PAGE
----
A recent announcement from leading technology organisation bio-bean confirmed that spent coffee grounds can now be used to run some London buses.
It sounds far-fetched, but bio-bean has been at the forefront of coffee recycling since its founding in 2013. They were the world’s first company to realise the potential in all those hot, damp grounds emptied out of private and commercial coffee machines on a daily basis. They began to industrialise the recycling process, turning used up coffee grounds into high-performance biochemicals and biofuels.
That high-impact buzz you get from your first cup of coffee in the morning is not an accident. In both its natural bean state and after it has been ground, coffee is a rich source of calories and various important compounds that can be extracted and put to use in commerce and industries. This makes coffee the perfect source material from which clean and efficient biofuels can be produced.
After many months of research and production, bio-bean advise that they have now generated a sufficient quantity of coffee oil that it can comfortably run a standard London bus for about a year.
With TfL (Transport for London) being increasingly in favour of using biofuels, in a concerted effort to reduce the emissions that its fleet of buses produce in the capital, using these bean-based fuels is an obvious solution.
There are nine and half thousand buses operating in London today, and many already utilise other kinds of biofuels, including ones sourced from tallow and cooking oil, but this is the first time one has been run using a fuel derived from such a plentiful and otherwise wasted resource as old coffee grounds.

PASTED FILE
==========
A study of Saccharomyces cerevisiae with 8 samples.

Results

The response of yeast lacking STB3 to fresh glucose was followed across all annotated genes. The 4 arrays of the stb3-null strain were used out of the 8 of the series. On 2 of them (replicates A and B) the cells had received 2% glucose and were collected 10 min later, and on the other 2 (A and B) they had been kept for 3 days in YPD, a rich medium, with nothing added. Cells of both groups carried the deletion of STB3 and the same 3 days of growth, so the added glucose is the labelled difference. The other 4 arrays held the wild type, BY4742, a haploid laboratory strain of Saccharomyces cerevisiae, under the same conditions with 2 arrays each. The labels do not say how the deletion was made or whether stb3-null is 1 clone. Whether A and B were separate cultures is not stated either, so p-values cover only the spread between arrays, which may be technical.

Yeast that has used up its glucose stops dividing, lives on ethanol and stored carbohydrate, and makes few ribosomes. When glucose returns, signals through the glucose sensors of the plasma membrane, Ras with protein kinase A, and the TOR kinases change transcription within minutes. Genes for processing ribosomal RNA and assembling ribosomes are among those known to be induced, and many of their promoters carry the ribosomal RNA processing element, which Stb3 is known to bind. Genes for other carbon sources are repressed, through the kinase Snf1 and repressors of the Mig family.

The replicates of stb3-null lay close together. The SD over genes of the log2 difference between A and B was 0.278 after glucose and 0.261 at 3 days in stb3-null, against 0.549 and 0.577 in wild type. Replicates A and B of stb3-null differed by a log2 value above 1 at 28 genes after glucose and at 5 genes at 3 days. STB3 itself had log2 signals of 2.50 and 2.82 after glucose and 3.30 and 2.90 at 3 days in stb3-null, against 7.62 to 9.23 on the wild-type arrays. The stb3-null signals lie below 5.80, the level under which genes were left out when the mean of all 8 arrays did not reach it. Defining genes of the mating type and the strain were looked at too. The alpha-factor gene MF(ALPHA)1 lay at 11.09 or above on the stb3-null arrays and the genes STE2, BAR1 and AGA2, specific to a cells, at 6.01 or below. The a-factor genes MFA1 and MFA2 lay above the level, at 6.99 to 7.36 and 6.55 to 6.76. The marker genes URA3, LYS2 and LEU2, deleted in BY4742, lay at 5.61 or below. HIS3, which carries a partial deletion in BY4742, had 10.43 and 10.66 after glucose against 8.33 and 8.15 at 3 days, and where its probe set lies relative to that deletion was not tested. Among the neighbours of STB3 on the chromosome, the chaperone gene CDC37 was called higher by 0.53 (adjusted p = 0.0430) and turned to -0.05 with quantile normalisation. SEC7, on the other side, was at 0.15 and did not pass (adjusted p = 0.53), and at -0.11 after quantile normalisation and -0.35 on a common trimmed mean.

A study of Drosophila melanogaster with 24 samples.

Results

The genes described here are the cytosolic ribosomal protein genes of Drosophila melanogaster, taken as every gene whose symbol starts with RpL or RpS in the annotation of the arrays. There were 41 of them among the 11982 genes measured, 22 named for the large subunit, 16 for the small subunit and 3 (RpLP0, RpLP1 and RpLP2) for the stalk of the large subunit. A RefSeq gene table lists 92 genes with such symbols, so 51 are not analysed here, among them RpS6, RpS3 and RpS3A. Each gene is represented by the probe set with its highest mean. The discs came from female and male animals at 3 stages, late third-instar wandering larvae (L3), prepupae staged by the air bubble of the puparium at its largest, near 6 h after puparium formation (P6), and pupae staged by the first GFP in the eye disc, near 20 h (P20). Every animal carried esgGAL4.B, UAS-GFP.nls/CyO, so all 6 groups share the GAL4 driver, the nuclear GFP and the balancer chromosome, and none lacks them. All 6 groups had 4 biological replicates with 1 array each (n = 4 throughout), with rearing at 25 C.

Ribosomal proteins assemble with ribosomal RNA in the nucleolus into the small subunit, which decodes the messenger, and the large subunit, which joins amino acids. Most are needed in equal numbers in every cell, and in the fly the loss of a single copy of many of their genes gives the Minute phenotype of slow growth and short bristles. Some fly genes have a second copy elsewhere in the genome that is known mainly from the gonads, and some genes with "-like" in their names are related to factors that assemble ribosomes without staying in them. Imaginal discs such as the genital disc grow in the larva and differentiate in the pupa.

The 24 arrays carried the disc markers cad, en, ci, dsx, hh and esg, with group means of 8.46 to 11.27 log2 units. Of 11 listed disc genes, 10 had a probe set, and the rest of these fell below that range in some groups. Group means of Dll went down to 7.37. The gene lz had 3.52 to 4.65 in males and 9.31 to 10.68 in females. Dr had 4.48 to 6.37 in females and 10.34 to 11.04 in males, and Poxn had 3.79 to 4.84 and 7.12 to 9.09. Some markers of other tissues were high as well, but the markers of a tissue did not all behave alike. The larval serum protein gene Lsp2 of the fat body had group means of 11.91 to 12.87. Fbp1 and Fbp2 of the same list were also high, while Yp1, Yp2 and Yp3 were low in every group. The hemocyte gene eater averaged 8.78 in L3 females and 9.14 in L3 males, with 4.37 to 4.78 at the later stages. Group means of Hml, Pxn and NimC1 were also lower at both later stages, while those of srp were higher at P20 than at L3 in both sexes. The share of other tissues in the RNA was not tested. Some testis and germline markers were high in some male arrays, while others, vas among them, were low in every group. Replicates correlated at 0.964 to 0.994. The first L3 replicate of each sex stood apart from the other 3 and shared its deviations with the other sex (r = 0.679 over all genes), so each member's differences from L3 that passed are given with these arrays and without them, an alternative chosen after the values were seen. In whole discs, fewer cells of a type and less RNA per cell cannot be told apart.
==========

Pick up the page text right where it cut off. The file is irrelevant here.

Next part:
The British Coffee Association (BFA) estimates that, as a nation, we consume 55 million drinks of coffee every day in the UK. Using bio-bean’s unique fuel blend, that would be enough to run twenty London buses for a whole year.
Indeed, bio-bean themselves believe that London alone generates over 200,000 tonnes of coffee-related waste each year. They gather the used grounds direct from the source – factories producing instant coffee, and the coffee shops themselves – and takes them to its factory, where it extracts the oil from them. This coffee oil is then blended with diesel to produce the cleaner, high-efficiency biofuel that is now being utilised within London’s public transport infrastructure.
Best of all, bio-bean assure that the fuel they create can power a bus without any need to modify the vehicle itself.
At Office Coffee Company we believe that recycling used coffee grounds is the way forward, we've been working hard with First Mile to collect used coffee grounds from our customers offices for over 12 months. We encourage all of our clients to recycle their used grounds to bio-bean, so that they can produce more of this remarkable fuel, rather than clogging up landfills across the country. So fill out the form and we'll be in touch to set up your new greener recycling initiative.